ON THE HOOCH
By Chris McBeath


When people think of adventuring along the Chattahoochee River, they usually don’t set their sights high enough.  Most people think of what lies below Lake Lanier and the Buford Dam:  floating the gentle currents, kayaking along the shady shoreline or trout fishing – the Chattahoochee is one of the finest rivers in the state for trout. But if you think higher, just north of the lake, what you’ll find is an unfettered beauty of the river as it has always been.

This part of the Upper ‘hooch’ is a world unto itself, and in the hazy heat of a mid summer’s day, it’s one of the region’s most delightful away-from-it-all getaways.

During most of the year the bridge at Belton, the last bridge on the lake, marks the dividing point of the river. Look north, and the waters are a lively weave of currents, scurrying around large rocks, zipping either side of snags, and spreading thin over wide shoals. Look south, andthe currents ease into a slow-moving wider stretch that quickly morphs into Lake Lanier.

At this time of year, however, the river takes on a different tempo beneath the summer sun – an easy rhythm that bubbles over pebbles, glides around sandbars, and swirls beneath, up and over snarled logs that cast playful shadows across the sun dappled waters.

Because lake levels are lower in summer, which consequently lengthens the river’s approach to Lanier, the best put-in point for kayaks and canoes is at Clark’s Bridge.

From here, scooting up to Belton Bridge and back is an easy full day paddle. Most motorized craft, however, can’t maneuver the shallow waters so past this point, the winding river is wild, natural, and solitary.  Indeed, the waters are so shallow, that there is only one professional guide, Bill Vanderford, who has the boat and the know-how to match the challenge. Built with the strength of a Sherman tank, but without the weight, his boat has such a unique design it can easily ride in less than six inches of water.  “It includes an 82-inch beam made of 1/8th inch thick welded aluminum, along with a double hull made with two 4-inch aluminum beams on the inside, and four 2-inch runners welded on the outside”, Vanderford explains, “as well as enough internal flotation in sealed compartments to keep it afloat if a puncture occurs”.  What really makes this 18 foot boat rock, however, is its special 80 horsepower jet outboard that enables the experienced Vanderford to skim over obstacles and debris that are less than an inch below the water’s surface.

The results are eco-trips to parts of the Chattahoochee that few ever have the joy of experiencing, and river safaris that are second to none.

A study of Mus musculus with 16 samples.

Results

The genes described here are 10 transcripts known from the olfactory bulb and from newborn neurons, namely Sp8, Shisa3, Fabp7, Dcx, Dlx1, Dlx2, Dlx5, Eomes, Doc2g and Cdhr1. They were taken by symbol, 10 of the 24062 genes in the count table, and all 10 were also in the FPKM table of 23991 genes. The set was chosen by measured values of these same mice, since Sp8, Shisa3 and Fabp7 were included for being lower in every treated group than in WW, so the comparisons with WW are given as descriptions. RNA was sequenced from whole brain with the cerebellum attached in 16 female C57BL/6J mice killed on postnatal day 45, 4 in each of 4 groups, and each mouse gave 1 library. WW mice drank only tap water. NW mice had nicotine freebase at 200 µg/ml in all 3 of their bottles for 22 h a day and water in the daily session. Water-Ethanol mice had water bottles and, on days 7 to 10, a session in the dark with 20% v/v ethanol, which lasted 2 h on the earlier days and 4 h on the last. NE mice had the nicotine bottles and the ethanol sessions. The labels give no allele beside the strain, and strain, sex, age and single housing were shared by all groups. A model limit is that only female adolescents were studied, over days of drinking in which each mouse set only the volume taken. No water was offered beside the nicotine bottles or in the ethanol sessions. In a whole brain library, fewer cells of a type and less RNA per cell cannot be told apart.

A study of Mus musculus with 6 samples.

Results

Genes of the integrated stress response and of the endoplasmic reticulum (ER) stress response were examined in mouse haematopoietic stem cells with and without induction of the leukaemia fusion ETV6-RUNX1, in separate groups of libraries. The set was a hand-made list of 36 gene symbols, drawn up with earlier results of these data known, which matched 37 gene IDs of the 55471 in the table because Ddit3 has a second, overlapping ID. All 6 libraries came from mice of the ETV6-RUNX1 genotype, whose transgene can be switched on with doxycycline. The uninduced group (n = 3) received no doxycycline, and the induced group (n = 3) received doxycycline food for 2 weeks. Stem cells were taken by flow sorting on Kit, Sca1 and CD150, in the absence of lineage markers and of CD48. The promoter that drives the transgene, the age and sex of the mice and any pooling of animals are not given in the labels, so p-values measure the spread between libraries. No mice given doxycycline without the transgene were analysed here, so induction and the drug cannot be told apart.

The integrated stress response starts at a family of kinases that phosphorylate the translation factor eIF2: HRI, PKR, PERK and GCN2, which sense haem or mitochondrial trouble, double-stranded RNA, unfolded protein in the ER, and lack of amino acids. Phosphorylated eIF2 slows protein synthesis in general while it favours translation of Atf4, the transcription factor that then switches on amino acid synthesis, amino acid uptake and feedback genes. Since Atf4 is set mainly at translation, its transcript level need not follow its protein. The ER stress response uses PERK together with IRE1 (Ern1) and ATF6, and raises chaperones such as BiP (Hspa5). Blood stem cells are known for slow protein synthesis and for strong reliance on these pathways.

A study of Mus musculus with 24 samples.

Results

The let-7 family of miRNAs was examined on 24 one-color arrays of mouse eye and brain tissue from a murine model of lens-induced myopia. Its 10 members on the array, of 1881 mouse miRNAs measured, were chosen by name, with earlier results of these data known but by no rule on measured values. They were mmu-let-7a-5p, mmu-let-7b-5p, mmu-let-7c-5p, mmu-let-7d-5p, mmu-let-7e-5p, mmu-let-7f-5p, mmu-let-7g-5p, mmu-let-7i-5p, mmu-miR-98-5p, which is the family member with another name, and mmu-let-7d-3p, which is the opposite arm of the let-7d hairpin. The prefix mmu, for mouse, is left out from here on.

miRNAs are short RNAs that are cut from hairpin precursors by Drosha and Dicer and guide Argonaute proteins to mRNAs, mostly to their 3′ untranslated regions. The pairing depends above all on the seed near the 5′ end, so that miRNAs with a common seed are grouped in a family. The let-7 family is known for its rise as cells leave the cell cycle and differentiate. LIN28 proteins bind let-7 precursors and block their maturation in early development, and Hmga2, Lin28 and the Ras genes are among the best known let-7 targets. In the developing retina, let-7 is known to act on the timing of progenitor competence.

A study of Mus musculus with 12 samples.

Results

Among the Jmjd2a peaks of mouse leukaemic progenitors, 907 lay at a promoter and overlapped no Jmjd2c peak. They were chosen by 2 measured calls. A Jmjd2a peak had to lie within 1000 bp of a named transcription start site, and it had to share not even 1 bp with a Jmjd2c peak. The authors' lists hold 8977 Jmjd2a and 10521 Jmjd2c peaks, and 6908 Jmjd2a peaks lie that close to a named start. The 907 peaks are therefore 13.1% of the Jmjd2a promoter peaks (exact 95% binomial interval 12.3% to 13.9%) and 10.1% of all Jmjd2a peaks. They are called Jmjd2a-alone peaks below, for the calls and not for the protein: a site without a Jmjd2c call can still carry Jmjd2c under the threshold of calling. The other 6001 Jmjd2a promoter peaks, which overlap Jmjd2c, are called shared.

A natural high
 “The range of wildlife is extraordinary and a real tutorial of what ‘natural’ Georgia has to offer”, says Vanderford, whose quick eye has your head turning from one discovery to another: it could be a ground hog routing about the undergrowth, a white-tailed deer amidst the sycamore trees, a beaver’s dam in a side estuary, or a multi-colored wood duck among the many species of ducks and migratory birds that call the part of the river home. “There’s a small family of eagles up here that always take my breath away”, Vanderford continues as he points to an osprey soaring overhead.  Then to a snowy egret. And then, quite suddenly, he might stop the boat so that in the soft stillness of summer, you can watch a wading blue heron dive triumphantly for a sunfish.

Herons not withstanding, fishing is a Vanderford forte – he owns the oldest guiding service on Lake Lanier, so you can be sure his jet boat is always equipped with a rod or two.  While much of the river is rife with snags and structures that would challenge a novice angler, there are wider areas that invite a cast. Red breasts and blue gills are plentiful, and the chances of a Chattahoochee Grand Slam – a largemouth bass, spotted bass, and a rare shoal bass, are omnipresent.

“If we’re real lucky, we might even see a black bear”, he quietly enthuses, eyes searching the thickets of wild rhododendron before he slows the boat into a sharp bend in the river, and fuels your anticipation of what might be around the corner. Which is what adventuring up the upper hooch is all about.

As for tips for the road?  Be sure to bring a swimsuit, sunscreen, binoculars and camera. Include a picnic to enjoy on one of the many sandbars that you’ll traverse over or around during the trip. And bring your sense of wonder.  This part of the Chattahoochee is a must see. Bill Vanderford can be contacted at 770/289-1543.